Leading the way on individual fundraising

Lightbulb moment

Kylie Kitchen | 22 November 2017

Experts at the IoF Individual Giving Conference have shared their formulas for campaigns that have dramatically increased donations.

At the conference on November 13, leaders in the sector detailed charities’ multifaceted journeys to great campaigns, taking delegates through regulatory compliance, trends, and inspiring messages.

Speakers agreed that individual giving had gone through a cultural and individual change, with a strong shift towards skills learning.

In order to best look after their donors, charities presented case studies to show how they evaluated the effectiveness of fundraising methods – traditional such as door-drops and direct mail, and alternative campaigns such as the Muddy Dog Challenge (the obstacle course event for you and your dog in support of Battersea Cats and Dogs) and Oxfam sending their festival stewards a thank you mug (a surprise gift that helped with volunteer retention).

Jenny Crabtree, Head of Public Fundraising, Battersea Dogs and Cats Home, told delegates that she expects her strategy to look very different in five years’ time and fundraisers should be open to change.

With the charity having grown its individual fundraising from £1m to £19m in six years, Crabtree’s advice to diversify audiences and to diversify products got attendees thinking.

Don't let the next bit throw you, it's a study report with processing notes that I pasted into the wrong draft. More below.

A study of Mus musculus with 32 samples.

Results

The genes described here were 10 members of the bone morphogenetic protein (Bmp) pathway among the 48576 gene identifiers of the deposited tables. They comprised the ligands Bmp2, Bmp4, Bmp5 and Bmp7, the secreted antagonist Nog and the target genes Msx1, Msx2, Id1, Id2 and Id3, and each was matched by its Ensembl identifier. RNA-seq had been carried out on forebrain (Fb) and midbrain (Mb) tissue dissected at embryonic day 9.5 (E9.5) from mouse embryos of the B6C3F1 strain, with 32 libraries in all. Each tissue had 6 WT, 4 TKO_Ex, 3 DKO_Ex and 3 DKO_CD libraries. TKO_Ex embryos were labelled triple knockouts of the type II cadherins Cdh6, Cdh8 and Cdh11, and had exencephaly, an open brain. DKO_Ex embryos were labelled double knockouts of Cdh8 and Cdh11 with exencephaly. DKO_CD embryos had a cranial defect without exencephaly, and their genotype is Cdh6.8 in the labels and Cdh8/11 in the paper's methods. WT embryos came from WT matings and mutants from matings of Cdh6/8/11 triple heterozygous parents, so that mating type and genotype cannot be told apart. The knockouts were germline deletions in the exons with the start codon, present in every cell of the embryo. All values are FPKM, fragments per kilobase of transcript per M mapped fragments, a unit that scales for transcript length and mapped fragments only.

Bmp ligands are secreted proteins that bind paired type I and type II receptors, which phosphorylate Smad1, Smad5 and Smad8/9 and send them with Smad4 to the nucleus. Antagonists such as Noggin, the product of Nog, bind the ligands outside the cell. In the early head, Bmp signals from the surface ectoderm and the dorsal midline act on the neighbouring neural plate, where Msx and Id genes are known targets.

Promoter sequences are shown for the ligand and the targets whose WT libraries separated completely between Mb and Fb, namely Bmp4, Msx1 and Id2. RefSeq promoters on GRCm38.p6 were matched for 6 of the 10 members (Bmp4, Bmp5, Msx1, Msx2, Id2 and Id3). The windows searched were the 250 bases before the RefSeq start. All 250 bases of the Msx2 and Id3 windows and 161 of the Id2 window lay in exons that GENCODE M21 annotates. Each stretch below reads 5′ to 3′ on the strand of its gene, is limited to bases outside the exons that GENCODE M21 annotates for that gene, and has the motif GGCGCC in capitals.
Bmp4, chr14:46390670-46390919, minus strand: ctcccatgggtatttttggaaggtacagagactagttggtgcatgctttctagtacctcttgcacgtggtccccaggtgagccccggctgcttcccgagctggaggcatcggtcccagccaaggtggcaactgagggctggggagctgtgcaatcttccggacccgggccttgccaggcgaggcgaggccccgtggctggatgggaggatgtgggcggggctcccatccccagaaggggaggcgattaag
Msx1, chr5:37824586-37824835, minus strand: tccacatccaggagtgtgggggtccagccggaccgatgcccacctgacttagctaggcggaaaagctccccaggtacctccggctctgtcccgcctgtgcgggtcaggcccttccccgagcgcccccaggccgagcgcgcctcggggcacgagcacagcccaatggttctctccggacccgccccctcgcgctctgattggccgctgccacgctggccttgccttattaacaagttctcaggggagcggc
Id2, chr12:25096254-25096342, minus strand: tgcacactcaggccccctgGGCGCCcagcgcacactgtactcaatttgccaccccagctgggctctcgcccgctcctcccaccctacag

Richard Moody, Head of Supporter Engagement, Crisis, said engaging storytelling, together with skills and experience, was crucial to fundraising success.

The Crisis’ Christmas campaign increased the charity’s database from 150,000 supporters to 400,000 in five years.

Attendees were keen to learn about growing a successful direct marketing campaign, particularly one that would work once GDPR is in place.

Tim Hunter, Director of Fundraising, Oxfam, talked about engagement and the launch of the app-based Stand As One campaign in which users can send a digital postcard to MPs to endorse a cause. He said embracing digital technology to engage with millennial donors was a must for digital fundraisers.

“The digital revolution has happened and if we don’t embrace it, we will be left behind on a burning platform,” Hunter said.

While sector leaders inspired delegates to think critically about their own strategies for individual giving, real donors concluded the event with a session on what inspires them to give and continue to give.